Brent Jang/The Globe and Mail

The provincial government and the gas industry are continuing to send a positive message about LNG development in British Columbia, but critics are saying a new report has exposed a harsh reality.

B.C. may not see any LNG facilities built until after 2020, according to the International Energy Agency, which reported Thursday that the world market is flooded with liquefied natural gas.

The Liberals swept to power in 2013 largely on Christy Clark's promise of a booming LNG industry, with five terminals predicted by 2018.


"New projects … will struggle to get off the ground at current prices," the IEA stated in releasing its medium-term gas report.

It said companies are cutting capital expenditures and several LNG projects "are likely to be delayed or even cancelled."

But Rich Coleman, B.C.'s Minister of Natural Gas Development, said he remains confident.

"We realize we are working in a competitive market," Mr. Coleman said in an e-mail. "We are aware of the short-term challenges outlined in this report and have plans to address them."

He said the government has put in place long-term royalty agreements and other policies to give LNG proponents certainty.

David Keane, president of the BC LNG Alliance, also remains optimistic.


Mr. Keane said one or two companies may make final investment decisions later this year or early next year.

"Their timelines may not fit a political agenda, but they are moving forward," he said.

But Dr. Jennifer Winter of the University of Calgary's School of Public Policy said the prospects for B.C. are "definitely a lot worse" than they were a few years ago because the LNG market has been flooded with supply.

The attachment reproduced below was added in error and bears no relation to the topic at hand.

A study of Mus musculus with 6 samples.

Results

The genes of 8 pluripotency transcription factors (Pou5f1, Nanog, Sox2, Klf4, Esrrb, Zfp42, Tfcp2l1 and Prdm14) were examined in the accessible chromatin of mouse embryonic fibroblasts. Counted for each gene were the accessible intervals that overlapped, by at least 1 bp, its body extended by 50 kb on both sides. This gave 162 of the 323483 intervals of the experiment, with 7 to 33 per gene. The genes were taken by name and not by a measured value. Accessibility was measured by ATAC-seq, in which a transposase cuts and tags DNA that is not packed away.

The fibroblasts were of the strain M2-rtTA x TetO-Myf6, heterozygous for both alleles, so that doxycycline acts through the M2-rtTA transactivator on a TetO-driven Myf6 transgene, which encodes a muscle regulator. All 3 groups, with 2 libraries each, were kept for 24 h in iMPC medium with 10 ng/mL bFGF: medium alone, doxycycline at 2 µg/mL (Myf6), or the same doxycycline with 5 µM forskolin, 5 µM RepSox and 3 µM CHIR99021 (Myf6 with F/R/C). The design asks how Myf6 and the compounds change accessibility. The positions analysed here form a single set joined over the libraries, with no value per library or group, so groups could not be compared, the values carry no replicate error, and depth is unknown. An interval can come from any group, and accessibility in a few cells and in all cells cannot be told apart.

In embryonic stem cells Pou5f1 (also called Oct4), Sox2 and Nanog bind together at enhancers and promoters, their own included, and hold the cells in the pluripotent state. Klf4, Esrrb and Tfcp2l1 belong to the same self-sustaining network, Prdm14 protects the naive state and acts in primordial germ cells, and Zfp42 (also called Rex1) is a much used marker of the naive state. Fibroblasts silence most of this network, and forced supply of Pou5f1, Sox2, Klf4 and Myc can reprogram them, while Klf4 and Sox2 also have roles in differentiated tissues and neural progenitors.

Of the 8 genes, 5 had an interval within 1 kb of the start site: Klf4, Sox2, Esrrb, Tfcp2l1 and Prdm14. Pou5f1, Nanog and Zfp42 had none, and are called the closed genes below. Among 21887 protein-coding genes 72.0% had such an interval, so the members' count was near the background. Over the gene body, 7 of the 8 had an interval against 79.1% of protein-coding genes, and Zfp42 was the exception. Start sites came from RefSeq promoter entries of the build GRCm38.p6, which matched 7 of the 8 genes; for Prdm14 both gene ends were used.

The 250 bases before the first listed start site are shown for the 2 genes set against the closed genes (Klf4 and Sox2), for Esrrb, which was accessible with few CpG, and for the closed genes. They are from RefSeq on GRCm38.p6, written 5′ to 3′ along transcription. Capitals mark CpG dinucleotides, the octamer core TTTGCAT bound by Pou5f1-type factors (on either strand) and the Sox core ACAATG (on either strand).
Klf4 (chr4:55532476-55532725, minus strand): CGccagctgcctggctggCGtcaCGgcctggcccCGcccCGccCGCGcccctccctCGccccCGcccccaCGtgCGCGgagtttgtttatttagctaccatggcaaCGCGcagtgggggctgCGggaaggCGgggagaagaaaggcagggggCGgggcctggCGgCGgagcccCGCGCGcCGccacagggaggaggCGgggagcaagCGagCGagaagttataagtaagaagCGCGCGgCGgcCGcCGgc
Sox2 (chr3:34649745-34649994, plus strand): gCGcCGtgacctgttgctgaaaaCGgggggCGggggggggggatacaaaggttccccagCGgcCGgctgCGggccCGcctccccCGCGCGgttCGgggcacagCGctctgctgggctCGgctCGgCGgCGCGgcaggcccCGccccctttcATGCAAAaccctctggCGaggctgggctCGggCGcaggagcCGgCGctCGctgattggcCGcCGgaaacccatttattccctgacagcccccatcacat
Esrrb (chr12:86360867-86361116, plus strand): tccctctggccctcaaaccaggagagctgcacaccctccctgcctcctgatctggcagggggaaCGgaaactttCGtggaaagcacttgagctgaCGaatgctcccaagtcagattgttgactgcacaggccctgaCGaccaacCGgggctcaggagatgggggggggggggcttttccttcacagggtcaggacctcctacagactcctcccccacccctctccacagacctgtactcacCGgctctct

"There has been a big increase in [world] supply," she said. "Australia started building these facilities 10 years ago and now they are coming on line. … As well [there are] pre-existing facilities that have ended their 20-year contracts and now they have spare capacity to sell on the spot market."

Bruce Ralston, NDP opposition spokesman on natural gas development, said the IEA report shows the government has overstated the promise of LNG development.


Mr. Ralston also said that in a push to get LNG projects going, the B.C. government has put the public interest at risk by offering LNG proponents extremely low royalty and tax regimes.

"They signed a long-term royalty agreement, a 23-year agreement with Petronas on the supply side, and that's unprecedented in British Columbia," he said. "These long-term deals can look pretty ill-considered in the harsh light five or 10 years out."

Dr. Andrew Weaver, the only Green MLA in the B.C. legislature, said the IEA report makes it clear that the government has been irresponsibly pushing LNG development.

"The really shocking thing about this IEA report is that it shows Canadians trying to buy their way into the international market [by offering low tax and royalty regimes]," Dr. Weaver said.

He said the B.C. government shouldn't be promoting the LNG industry in the face of a declining international market.